In a state that relies heavily on the manufacturing sector as one of its greatest sources of revenue, Michigan manufacturers are saying that the tax burden they must bear in this state is too great. A recent study by the Michigan Manufacturers Association (MMA) shows that on average in the state of Michigan, manufacturers pay about 29 percent more than the national average and within the state manufacturers pay roughly 45 percent more than other Michigan industries. Along with the release of this study, members of the MMA are asking Michigan to take a look at the tax system that is currently being used for businesses and manufacturers and make sure that the tax rate, especially on personal property taxes is fair and competitive to those of other businesses.
While the MMA acknowledges that these taxes bring revenue to the government, they also argue that the tax rate needs to be competitive to other states. This “heavy burden placed on the largest sector of the economy” is not fair and keeps hindering manufacturers according to the MMA’s director of government affairs, Michael Johnston. In an effort to help these manufacturers, the MMA has asked that the state, among other things, eliminate the personal property tax, eliminate parts of the Michigan Business Tax (MBT) such as the 22 percent surcharge and the tax on gross receipts, and continue tax breaks for businesses moving to Michigan in order to attract more revenue for the state.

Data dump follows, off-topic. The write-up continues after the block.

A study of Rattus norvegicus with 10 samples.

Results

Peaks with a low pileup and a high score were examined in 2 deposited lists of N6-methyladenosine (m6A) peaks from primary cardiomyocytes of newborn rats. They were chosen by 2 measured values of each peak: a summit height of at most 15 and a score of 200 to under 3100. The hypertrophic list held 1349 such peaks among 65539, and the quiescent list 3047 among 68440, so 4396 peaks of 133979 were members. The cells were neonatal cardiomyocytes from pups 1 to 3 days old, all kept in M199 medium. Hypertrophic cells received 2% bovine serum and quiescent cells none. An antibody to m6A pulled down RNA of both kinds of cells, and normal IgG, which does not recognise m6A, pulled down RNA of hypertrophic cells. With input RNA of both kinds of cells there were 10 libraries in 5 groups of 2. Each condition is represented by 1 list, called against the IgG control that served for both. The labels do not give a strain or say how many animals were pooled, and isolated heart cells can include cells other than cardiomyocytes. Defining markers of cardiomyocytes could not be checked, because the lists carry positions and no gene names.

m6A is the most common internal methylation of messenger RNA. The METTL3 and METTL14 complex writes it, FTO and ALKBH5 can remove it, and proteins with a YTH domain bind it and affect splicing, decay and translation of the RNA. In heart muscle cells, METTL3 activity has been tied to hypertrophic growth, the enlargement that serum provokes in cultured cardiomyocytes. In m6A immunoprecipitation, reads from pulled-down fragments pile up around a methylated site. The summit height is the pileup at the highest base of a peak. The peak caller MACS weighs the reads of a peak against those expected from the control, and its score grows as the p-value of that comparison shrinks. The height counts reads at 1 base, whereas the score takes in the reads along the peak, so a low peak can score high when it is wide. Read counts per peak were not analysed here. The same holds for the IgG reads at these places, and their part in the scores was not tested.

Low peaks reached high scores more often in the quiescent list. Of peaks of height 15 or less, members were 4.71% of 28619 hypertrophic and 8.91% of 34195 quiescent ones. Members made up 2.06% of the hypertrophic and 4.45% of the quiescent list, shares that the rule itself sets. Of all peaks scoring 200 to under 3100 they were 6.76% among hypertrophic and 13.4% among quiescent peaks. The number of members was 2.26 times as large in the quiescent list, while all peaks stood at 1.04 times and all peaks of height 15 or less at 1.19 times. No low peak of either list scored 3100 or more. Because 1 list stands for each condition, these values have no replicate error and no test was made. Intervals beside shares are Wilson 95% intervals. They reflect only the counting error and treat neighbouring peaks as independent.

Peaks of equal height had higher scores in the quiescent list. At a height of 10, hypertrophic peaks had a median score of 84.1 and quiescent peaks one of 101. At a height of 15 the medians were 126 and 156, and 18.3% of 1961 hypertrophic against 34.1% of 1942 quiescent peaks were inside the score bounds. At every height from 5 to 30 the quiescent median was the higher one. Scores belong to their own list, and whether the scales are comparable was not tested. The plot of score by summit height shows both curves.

Governor Rick Snyder has called for an end to the aforementioned MBT and plans to replace it with a 6% flat tax that would keep some of the corporations in this state that file federal corporate income tax forms exempt from this new tax. This plan is still in debate in Lansing and has been met with some criticisms, but Johnston also argues that there needs to be reductions in the property tax to make an impact on manufacturers.
At the same time, the leaders of the MMA understand that Michigan must be kept at a competitive level with other states and actually are calling for Snyder to keep those incentives that Michigan offers to out of state businesses. The most important thing is that other states still must be attracted to Michigan because of the competitive rates we offer. Snyder’s proposal is focused on not increasing the size of incentives to give to other businesses, but instead lowering the tax structure right here in Michigan so we can allow current businesses to prosper again. The MMA has not directly supported Snyder’s new policy, but this could be the first step in their search for more fair competition in the state of Michigan.